A game in its most universal meaning requires only one thing: rules. A player at a slot machine can be a single person, two competing, twenty competing, or twenty playing individually.
My basic interpretation of the concept of a game — and my artistic use of it — is not evolved from the strategy theories of von Neumann, Herman Kahn, etc. I am more inclined to refer to Cage's method of composition, and psychologists such as T. Leary and E. Berne. But above all, the idea of a game for me is a simple, fundamental out look on life, dating back to the time of my Concrete Manifesto (1953).
The most basic rules are the immutability of the magnetic objects in terms of color, size, shape, collapsibility and so on, together with their implied open meaning. Less exact rules apply, as in The Cold War, when for instance the objects consist of pairs, orcompanion pieces — what I do with A has significance for A1, wherever A1 is located. (Model for balance of terror.)
Also in some of the paintings, The Planetarium, Dr. Schweitzer’s Last Mission, Switchboard, Sitting...Dominoes, Roulette, etc., there are rudimentary rules (of the board game type) which in their turn contravene the rules of the magnetic objects’ invariables and the players variables.
The fundamental principle for game-paintings, however,is the confrontation between freedom of variation and the arbitrary immutability of appearance, substance and construction. Hence my interest in signs, i.e. charactersigns, and in forms as silhouettes.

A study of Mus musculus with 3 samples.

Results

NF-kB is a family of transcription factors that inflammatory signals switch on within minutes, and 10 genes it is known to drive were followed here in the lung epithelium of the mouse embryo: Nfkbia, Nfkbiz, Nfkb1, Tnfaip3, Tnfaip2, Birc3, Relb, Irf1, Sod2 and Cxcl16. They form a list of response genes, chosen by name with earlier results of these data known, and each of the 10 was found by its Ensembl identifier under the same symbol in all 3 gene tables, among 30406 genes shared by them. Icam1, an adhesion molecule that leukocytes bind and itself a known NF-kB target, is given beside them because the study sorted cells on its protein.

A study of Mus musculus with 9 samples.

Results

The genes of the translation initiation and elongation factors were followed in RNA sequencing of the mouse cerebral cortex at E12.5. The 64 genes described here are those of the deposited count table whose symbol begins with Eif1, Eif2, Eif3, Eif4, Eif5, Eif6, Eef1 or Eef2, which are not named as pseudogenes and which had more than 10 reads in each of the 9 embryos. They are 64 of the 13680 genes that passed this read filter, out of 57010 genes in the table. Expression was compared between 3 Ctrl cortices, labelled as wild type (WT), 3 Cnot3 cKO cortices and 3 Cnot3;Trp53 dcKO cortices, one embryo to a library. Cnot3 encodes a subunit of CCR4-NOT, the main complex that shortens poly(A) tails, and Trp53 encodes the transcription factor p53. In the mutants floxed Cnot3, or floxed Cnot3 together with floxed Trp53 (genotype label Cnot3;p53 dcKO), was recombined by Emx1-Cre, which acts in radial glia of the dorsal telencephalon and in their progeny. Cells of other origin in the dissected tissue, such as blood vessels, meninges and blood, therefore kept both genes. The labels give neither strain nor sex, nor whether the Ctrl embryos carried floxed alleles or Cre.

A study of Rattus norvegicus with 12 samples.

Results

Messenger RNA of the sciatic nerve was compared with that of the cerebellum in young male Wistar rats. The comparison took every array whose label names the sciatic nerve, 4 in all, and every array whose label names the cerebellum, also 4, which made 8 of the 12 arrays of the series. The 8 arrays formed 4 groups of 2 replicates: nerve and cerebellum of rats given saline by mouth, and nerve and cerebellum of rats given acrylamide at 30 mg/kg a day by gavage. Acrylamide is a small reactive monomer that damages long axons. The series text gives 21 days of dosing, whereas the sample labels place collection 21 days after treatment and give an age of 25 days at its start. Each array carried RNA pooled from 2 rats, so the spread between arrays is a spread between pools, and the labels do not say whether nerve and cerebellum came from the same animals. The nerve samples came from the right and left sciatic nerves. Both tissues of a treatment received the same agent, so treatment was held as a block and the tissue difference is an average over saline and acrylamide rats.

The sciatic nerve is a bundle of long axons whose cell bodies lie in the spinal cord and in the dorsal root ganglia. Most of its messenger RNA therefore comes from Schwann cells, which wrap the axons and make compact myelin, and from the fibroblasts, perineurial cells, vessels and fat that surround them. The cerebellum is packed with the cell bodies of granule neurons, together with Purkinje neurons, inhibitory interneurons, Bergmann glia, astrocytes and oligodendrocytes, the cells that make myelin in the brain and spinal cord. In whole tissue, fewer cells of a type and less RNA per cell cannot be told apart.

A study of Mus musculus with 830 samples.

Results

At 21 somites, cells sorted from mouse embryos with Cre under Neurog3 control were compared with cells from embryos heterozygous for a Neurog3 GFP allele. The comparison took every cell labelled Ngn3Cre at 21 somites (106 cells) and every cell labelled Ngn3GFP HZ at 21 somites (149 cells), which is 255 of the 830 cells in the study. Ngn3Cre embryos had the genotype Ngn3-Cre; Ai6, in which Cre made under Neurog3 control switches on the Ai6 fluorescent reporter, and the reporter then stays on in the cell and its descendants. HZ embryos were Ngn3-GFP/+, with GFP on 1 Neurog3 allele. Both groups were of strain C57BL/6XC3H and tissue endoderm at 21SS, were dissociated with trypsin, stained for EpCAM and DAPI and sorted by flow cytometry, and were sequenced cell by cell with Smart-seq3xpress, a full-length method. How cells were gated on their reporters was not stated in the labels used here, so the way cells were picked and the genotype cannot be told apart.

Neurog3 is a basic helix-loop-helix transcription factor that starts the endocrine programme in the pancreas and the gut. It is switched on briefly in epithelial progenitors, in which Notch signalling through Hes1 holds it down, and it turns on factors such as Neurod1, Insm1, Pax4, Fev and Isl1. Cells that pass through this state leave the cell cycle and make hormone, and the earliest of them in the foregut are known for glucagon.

Whatever might go on elsewhere, in the many-thousand-year here-and-now of this planet, the appearance of a hand is immutably something jointed, flat, with five extended parts. Not a sphere. As well as being less interested in nuances and ambiguity when applied to matters concerning life. I am equally unconcerned about whether some hands have four fingers, or whether some hands are larger and others smaller.
The decisive factor is that I as an “artist”, and I and others as “human beings”, are at every moment of our lives coming up against what we see as the absolute rigidity of appearancs, and adjusting our own variation-possibilities accordingly. There is here a fundamental and inexhaustible tension.
Without manipulating works of art one can hardly realize the fantastic freedom of choice and the extreme rigidity in the external appearance of the elements. As far as the magnetic paintings are concerned, the material they are made of — the combination of metal and plastic — makes shapes as strong as axes.
Then after that fundamental fact comes the brittle rigidity of the other rules — like our conventions and agreements: the border between the Congo and Angola, the numbers in the telephone book, the buttoning of jackets. The tension lies in the fact that it is possible to oppose the rigidity — just as it is in my models.
"Hotdogs and Tweezers - A Running Commentary". Orginally published as "Korvar och pincetter - en löpande kommentar." Konstrevy (Stockholm) Nr. 4, 174-182, 192.